If you get lightheaded or faint when you stand up after lying down, your autonomic nervous system may not be working properly. This system controls activities that are not under your conscious control, such as carrying out digestion, maintaining body temperature, and regulating blood pressure, heart rate and breathing.
When your autonomic nervous system isn't working right, it's known as dysautonomia. About 15 different types of dysfunction with the autonomic nervous system affect approximately 70 million people worldwide. One form of dysautonomia is called postural orthostatic tachycardia syndrome.
What is postural orthostatic tachycardia syndrome?
This neurologic condition, also known as POTS, involves too little blood returning to the heart when you move from a prone to standing position. Called orthostatic intolerance, it causes lightheadedness or fainting that you can relieve by lying down again. A rapid heart rate also occurs if you're among the three million Americans with the syndrome.
Postural orthostatic tachycardia syndrome primarily affects women between the ages of 15 and 50, but it can impact women and men of all ages.
What are the types of postural orthostatic tachycardia syndrome?
The most common forms of the syndrome are:
- Neuropathic: Following damage to autonomic nerves to the legs, blood pooling in the lower extremities can occur. Patients may experience lower blood pressure and higher heart rate when standing.
- Hyperadrenergic: The word essentially means high adrenaline. A natural stimulant in the body, adrenaline is responsible for a fight or flight response. With this form of the syndrome, you can have high levels of the stress hormone and norepinephrine, a neurotransmitter, in the blood. You may experience both increased blood pressure and heart rate when standing. Symptoms may mimic anxiety or panic attacks.
- Low blood volume: Diminished blood volume can cause symptoms similar to those with neuropathic and hyperadrenergic postural orthostatic tachycardia.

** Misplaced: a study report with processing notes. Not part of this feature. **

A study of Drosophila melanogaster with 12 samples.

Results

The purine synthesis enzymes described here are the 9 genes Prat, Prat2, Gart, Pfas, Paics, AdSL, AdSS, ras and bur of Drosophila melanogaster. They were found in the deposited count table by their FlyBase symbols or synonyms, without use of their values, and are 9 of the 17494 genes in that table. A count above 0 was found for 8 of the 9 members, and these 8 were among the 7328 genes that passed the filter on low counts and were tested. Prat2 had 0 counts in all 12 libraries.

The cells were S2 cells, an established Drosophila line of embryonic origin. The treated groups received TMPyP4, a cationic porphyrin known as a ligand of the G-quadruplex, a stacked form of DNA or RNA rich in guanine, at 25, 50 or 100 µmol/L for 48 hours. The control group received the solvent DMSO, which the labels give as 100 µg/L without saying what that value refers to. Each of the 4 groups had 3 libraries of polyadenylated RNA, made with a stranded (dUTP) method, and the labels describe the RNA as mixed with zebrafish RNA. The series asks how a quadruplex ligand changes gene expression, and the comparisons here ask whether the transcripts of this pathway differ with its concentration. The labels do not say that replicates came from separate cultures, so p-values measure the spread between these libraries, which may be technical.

- Secondary: This occurs as a result of other conditions — including diabetes, lupus and alcoholism — and treatments such as chemotherapy. These can lead to nerve damage, affecting the redistribution of blood.
What are the signs and symptoms?
If you have this syndrome, you can experience:
- Lightheadedness or fainting.
- Rapid heart rate.
- Difficulty standing up.
- Chronic fatigue.
- Fuzzy thinking (brain fog).
- Blood pressure that's too low or too high.
- Chest pain or pressure.
- Migraine headache.
- Small fiber neuropathy, a condition that affects the sensory nerves, causing numbness, tingling or burning sensations.
- A sense of anxiety, tremor and cold, sweaty hands and feet.
- Dark red or bluish color to the legs when standing up.
Although postural orthostatic tachycardia syndrome is often difficult to diagnose, your HonorHealth neurologist may determine whether you have the syndrome in these ways:
- A tilt table test that measures heart rate and blood pressure as posture and position are changed.
- Autonomic testing.
- Blood tests.
Causes and risk factors
The causes of postural orthostatic tachycardia syndrome are largely unknown. Episodes of lightheadedness or fainting often begin after major surgery, a viral illness or trauma.
Episodes also may begin after pregnancy, and symptoms may worsen or episodes may increase right before menstruation. A significant percentage of people who develop POTS are found to have an inherited disorder of connective tissues called Ehlers-Danlos Syndrome (EDS).
Your treatment goal is to increase blood flow and improve circulatory problems that may be causing the syndrome. Your neurologist may accomplish this by using one or more of the following:
- Lifestyle modifications such as increasing the amount of water your drink and salt you take in each day.
- Medical compression stockings that go above your knees to your thighs can help push blood upward from your legs, minimizing symptoms.
- A blood pressure monitor can alert you to a sudden drop or spike in your blood pressure and pulse. You should report these changes to your doctor.
- A physical training program can help improve your symptoms. Expert staff at an HonorHealth physical therapy program will give you important information about the most effective ways to treat the syndrome.
- Medications, including salt tablets, beta blockers, clonidine, guanfacine, midodrine, pyridostigmine and fludrocortisone. These raise your blood pressure, preventing lightheadedness and fainting. Your neurologist also may prescribe a beta blocker to slow the heartbeat.